Bread Basket: Staple Cairo Bakery Chain Still Standing Strong in Zamalek
Bakeries & Patisseries
Over the past few years, the island of Zamalek has seen 26th of July Street sprout numerous restaurants and cafes. Standing strong against the plethora of new competitors is Bread Basket – a staple of bakeries and cafes in Cairo. The completely glass front reveals a stylish layout; two rows of high tables and stools look out onto the busy street and are perfectly positioned for some serious people watching. The bare brick walls coupled with the black and white furniture, gives the small ‘food emporium’ a particularly urban feel.
We marched up to the glass counter at the back and were greeted by rows of doughnuts (5LE-8LE), mini and large, savoury and sweet croissants (3.5LE-11LE), muffins (4LE/8LE), biscuits (6LE-9.50LE/100g), pizza pieces (11LE/13LE) and chocolate chip cake loaves (25LE). An assortment of bread loaves can be found all over the place, including rye bread (19LE), malt grain (25LE), burger buns (2.50LE), French baguettes (6.50LE) and toast (11LE/12.50LE). Catering bread or sandwich baskets – serving between four and six people – can be prepared with 24-hours notice (45LE-140LE).
As well as ready-made products, Bread Basket also offers cooked breakfasts (22LE-44LE), omelettes (20.50LE-28LE), muesli with yoghurt and honey (20LE) or a French breakfast (49LE), complete with a selection of mini pastries. Their salad (23LE-40LE) and sandwich selection (17LE-45LE) are nicely varied, with the choice of the bread, the filling and several extras.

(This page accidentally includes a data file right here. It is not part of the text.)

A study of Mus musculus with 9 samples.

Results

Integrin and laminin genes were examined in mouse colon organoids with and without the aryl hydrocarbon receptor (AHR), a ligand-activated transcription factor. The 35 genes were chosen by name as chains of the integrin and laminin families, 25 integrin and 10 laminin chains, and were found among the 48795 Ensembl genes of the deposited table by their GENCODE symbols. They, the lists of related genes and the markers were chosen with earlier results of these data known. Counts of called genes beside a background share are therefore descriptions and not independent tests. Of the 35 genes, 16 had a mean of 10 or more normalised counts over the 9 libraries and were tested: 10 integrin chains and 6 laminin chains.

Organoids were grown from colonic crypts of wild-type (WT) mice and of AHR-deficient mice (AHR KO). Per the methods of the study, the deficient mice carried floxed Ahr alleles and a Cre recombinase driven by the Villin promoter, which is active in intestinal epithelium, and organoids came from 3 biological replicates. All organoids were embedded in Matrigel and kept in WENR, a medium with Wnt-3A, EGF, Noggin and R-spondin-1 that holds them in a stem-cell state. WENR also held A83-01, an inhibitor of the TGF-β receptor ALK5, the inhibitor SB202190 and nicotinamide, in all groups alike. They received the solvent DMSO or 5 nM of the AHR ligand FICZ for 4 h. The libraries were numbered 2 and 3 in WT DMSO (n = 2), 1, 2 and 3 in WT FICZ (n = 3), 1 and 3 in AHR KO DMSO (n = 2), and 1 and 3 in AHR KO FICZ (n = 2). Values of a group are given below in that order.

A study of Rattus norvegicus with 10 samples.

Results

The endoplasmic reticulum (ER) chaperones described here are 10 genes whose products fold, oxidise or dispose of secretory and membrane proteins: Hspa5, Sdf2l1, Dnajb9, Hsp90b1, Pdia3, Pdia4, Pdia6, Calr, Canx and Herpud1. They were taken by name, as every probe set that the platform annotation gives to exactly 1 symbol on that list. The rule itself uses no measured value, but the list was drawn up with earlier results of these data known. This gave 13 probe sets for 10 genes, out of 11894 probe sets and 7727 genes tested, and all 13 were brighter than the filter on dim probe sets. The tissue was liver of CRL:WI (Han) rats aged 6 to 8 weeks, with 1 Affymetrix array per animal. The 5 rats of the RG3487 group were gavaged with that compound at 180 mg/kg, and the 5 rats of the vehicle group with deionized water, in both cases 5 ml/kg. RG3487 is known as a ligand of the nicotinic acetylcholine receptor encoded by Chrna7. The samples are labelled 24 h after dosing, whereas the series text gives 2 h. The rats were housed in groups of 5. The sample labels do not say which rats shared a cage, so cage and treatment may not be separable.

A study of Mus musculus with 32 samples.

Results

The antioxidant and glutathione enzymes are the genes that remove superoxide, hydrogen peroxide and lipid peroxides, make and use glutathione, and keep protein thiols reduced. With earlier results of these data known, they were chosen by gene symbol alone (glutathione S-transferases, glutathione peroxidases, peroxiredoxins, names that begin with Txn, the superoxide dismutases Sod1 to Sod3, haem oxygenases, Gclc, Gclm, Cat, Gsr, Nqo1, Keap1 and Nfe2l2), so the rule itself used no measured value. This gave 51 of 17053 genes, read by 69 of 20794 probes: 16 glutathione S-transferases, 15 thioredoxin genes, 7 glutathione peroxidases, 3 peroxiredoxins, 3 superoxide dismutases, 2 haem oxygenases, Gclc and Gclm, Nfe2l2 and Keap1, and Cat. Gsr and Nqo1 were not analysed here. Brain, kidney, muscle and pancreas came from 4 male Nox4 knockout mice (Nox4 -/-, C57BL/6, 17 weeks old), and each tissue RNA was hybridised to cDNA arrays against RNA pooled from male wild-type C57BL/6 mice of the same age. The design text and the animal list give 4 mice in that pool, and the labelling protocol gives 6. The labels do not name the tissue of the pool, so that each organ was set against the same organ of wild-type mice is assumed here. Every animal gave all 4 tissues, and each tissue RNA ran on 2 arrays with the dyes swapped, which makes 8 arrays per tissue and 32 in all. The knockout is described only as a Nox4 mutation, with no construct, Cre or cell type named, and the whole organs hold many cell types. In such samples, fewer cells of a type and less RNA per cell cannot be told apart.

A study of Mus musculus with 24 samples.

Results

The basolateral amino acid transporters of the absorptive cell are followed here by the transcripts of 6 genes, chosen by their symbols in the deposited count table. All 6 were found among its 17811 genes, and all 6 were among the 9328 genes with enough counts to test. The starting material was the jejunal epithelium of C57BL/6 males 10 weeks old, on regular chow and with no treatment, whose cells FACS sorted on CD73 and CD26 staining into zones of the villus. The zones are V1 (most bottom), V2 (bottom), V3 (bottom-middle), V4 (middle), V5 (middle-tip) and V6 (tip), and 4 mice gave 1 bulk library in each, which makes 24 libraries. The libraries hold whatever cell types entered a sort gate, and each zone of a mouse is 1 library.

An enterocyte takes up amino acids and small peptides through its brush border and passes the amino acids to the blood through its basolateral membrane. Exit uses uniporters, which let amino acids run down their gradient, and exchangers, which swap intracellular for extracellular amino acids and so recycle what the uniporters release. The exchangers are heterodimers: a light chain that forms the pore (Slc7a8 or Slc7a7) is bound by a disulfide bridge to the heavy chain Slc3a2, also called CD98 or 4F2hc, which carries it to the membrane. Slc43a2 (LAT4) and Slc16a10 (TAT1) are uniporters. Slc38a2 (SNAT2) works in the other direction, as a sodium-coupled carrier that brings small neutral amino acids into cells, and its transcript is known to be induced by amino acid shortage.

To eat, we picked a chicken mayo sandwich on olive ciabatta (32.45LE), a jam doughnut (8LE) and a cinnamon croissant (8.50LE). The sandwich was prepared quickly in their back room and was fairly disappointing; despite the occasional tasty chunk of black olive, the bread was otherwise dry and certainly less than extraordinary. The chicken mayo mixture was also incredibly dry, made worse with a stingy helping of mayonnaise.
Thankfully, the cinnamon croissant was an improvement, with a crispy outer shell and a generous filling of sweet cinnamon – we’d recommend the croissant was heated a little before eating though. The best of the three, however, was the soft, airy jam doughnut; covered in sugar and filled with smooth and sweet apricot jam, which made for a welcome change to the usual standard strawberry filling.
Their drinks menu is also vast, with plenty of hot and cold drinks; coffees (11.50LE-17LE), teas (7LE/8LE) and espressos as well as iced coffees (9LE-18.50LE), smoothies (20LE), milkshakes (19.50LE) and fresh juices (11LE-13LE). We picked up a bottle of freshly squeezed orange juice (12LE), which was neither too sweet nor too bitter, sporting just the right amount of orange pulp.
Although the sandwich wasn’t up to par, we’re sure the friendly staff would have corrected it had we made a fuss. On the other hand, we’d highly recommend their sweet pastries and would most probably return in the morning in order to sample their fresh batches of bread, as well as their tasty sounding breakfasts, whilst watching the world go by.